A new revised fixed rate of 67c per hour for calculating working from home expenses will apply from 1 July 2022 onwards. Find out how it affects you here.
From the 2022-23 income year, taxpayers can no longer rely on the 80c per hour shortcut method with the introduction of the revised fixed-rate method for calculating the work-related additional running expenses incurred as a result of working from home (WFH).
Taxpayers are still able to use the actual costs method to calculate the actual expenses incurred as a result of WFH as an alternative to the revised fixed-rate method.
To use the new revised fixed-rate method, taxpayers must:
- work from home while carrying out employment duties or carrying on a business on or after 1 July 2022 (minimal tasks such as occasionally checking emails or taking phone calls while at home will not qualify as working from home);
- incur additional running expenses which are deductible under Income Tax Assessment Act 1997 (Cth) s 8-1 as a result of working from home that are not reimbursed by a third party (ie employer);
- and keep and retain relevant records in respect of the time spent working from home and for the additional running expenses incurred.
The new revised fixed-rate method covers energy expenses including electricity and gas for lighting, heating, cooling, and use of electronic items while working. It also covers internet, mobile, home phone expenses, as well as stationery and computer consumables such as ink.
While the new revised fixed-rate method of 67c per hour is lower than the previously available shortcut method, it does not include the work-related decline in value of any depreciating assets used during the income year or any other running expenses not specifically covered above.
However, 3 years into the pandemic, with many taxpayers having already purchased depreciating assets early in the piece to be able to perform their duties effectively from home, the lower revised fixed-rate method means many taxpayers will be losing around $100 in deductions going forward.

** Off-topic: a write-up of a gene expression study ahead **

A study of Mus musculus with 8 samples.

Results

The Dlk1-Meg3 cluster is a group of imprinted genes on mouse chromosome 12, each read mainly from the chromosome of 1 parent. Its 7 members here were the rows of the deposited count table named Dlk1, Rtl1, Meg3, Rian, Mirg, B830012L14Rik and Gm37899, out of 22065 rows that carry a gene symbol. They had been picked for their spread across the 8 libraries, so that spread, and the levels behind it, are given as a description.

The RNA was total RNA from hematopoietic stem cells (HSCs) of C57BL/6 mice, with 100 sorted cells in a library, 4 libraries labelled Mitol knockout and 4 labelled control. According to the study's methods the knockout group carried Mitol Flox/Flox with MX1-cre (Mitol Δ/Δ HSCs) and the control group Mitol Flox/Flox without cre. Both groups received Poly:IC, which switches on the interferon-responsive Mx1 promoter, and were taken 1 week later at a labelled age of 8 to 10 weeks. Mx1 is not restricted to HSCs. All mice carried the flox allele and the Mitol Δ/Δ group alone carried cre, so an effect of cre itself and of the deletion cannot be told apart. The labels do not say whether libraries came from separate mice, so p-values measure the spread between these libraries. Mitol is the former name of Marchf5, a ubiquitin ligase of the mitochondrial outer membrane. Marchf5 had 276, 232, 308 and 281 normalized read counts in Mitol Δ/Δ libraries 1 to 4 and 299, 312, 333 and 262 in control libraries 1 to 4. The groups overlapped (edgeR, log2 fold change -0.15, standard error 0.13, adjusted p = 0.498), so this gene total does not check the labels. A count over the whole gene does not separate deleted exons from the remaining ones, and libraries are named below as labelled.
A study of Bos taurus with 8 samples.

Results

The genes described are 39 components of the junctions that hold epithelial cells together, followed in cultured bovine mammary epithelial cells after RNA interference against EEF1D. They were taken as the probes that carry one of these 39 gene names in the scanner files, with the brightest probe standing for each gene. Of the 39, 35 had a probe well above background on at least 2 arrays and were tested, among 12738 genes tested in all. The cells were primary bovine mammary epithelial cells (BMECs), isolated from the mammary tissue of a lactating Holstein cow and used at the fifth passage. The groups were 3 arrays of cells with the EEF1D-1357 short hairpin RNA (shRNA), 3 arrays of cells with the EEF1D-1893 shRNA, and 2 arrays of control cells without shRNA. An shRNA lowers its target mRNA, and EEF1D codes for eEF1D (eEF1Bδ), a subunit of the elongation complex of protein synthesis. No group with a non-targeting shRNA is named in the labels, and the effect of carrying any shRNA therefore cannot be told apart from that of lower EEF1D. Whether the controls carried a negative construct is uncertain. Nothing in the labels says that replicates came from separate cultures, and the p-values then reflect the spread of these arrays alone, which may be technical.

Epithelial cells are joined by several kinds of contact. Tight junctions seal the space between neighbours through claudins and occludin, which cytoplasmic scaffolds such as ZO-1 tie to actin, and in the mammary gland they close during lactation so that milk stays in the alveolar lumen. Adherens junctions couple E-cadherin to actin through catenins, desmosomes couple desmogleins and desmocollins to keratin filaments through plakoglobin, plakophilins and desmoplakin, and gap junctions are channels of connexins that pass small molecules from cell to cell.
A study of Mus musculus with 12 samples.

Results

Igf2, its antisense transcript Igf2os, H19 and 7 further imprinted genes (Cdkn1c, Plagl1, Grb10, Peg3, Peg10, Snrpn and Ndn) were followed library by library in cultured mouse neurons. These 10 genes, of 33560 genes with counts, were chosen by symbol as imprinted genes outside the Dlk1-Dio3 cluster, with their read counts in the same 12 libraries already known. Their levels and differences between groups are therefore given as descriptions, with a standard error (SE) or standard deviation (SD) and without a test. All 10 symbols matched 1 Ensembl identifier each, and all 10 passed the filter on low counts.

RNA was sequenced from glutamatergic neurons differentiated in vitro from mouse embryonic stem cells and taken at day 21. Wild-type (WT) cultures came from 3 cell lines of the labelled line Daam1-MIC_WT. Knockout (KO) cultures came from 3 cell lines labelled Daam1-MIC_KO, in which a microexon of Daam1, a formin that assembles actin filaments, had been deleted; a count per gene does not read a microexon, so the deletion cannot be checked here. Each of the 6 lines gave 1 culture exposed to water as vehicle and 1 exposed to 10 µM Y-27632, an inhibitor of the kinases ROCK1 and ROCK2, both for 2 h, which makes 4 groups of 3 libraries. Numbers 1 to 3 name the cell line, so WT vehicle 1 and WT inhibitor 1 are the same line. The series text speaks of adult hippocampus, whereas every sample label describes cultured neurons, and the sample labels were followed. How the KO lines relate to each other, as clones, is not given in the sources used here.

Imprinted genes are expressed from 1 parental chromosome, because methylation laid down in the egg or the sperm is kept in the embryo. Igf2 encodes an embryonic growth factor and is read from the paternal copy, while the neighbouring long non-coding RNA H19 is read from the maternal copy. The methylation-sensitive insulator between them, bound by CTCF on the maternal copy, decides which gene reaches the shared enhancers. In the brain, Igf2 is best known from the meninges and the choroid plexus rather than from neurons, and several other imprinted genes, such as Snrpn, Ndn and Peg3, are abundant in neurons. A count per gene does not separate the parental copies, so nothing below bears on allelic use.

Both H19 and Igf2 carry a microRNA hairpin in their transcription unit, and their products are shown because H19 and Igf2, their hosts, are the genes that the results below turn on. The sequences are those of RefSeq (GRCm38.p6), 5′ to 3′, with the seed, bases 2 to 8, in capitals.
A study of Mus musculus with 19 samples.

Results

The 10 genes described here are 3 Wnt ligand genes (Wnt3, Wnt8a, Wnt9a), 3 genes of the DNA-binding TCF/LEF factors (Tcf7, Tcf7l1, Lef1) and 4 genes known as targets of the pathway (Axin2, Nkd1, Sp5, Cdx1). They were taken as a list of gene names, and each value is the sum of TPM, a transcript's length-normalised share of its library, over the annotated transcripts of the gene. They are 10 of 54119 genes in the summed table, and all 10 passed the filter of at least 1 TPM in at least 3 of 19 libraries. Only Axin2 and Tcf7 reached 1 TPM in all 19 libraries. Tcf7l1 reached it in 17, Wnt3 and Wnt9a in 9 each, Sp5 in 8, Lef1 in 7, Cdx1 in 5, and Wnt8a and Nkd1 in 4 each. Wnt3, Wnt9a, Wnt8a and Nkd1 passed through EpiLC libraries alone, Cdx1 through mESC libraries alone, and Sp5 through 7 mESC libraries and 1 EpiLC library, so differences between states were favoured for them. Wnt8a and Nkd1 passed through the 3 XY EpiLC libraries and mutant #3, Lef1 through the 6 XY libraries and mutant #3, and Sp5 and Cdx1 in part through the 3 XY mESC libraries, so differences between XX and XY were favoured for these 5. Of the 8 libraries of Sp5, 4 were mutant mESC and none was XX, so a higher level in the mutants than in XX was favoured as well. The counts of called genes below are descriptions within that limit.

For example, a taxpayer working 3 days per week from home at 8 hours per day over 49 weeks will only be able to get a deduction of $787 under the new rate compared to the $940 they would previously be able to claim under the shortcut method.
In addition, if a taxpayer chooses to use the new revised fixed-rate method, no additional separate deductions can be claimed for any of the expenses covered. This includes instances where taxpayers use their personal mobile phones for both working from home and working elsewhere (ie in the office). The total deduction for the year would consist of the amount covered by the amount of 67c per hour. Taxpayers that chose to use this new method need to ensure that relevant records are kept.
For the 2022-23 income year only, taxpayers will need to keep a record which is representative of the total number of hours worked from home during the period from 1 July 2022 to 28 February 2023, and a record of the total number of actual hours worked from home for the period 1 March 2023 to 30 June 2023.
For 2023-24 and later income years, taxpayers must keep a record for the entire income year of the number of hours worked from home during that income year. An estimate for the entire income year or an estimate based on the number of hours worked from home during a particular period and applied to the rest of the income year will not be accepted.
A record of hours worked for the entire income year can include timesheets, rosters, logs, time-tracking apps, and diaries that are kept contemporaneously. To be able to claim expenses for 2022-23 and later income years, one document for each of the additional running expenses incurred must be kept.
For energy, mobile, phone and internet, one monthly or quarterly bill in the relevant name must be kept. If the bill is not in the relevant name, additional evidence such as credit card statements showing payment or lease agreements showing sharing of property and expenses must be present.
For stationery and computer consumables, receipts must be kept for any purchases. Those claiming a deduction for any decline in the value of depreciating assets must also keep documents which demonstrate the income-producing use of the assets.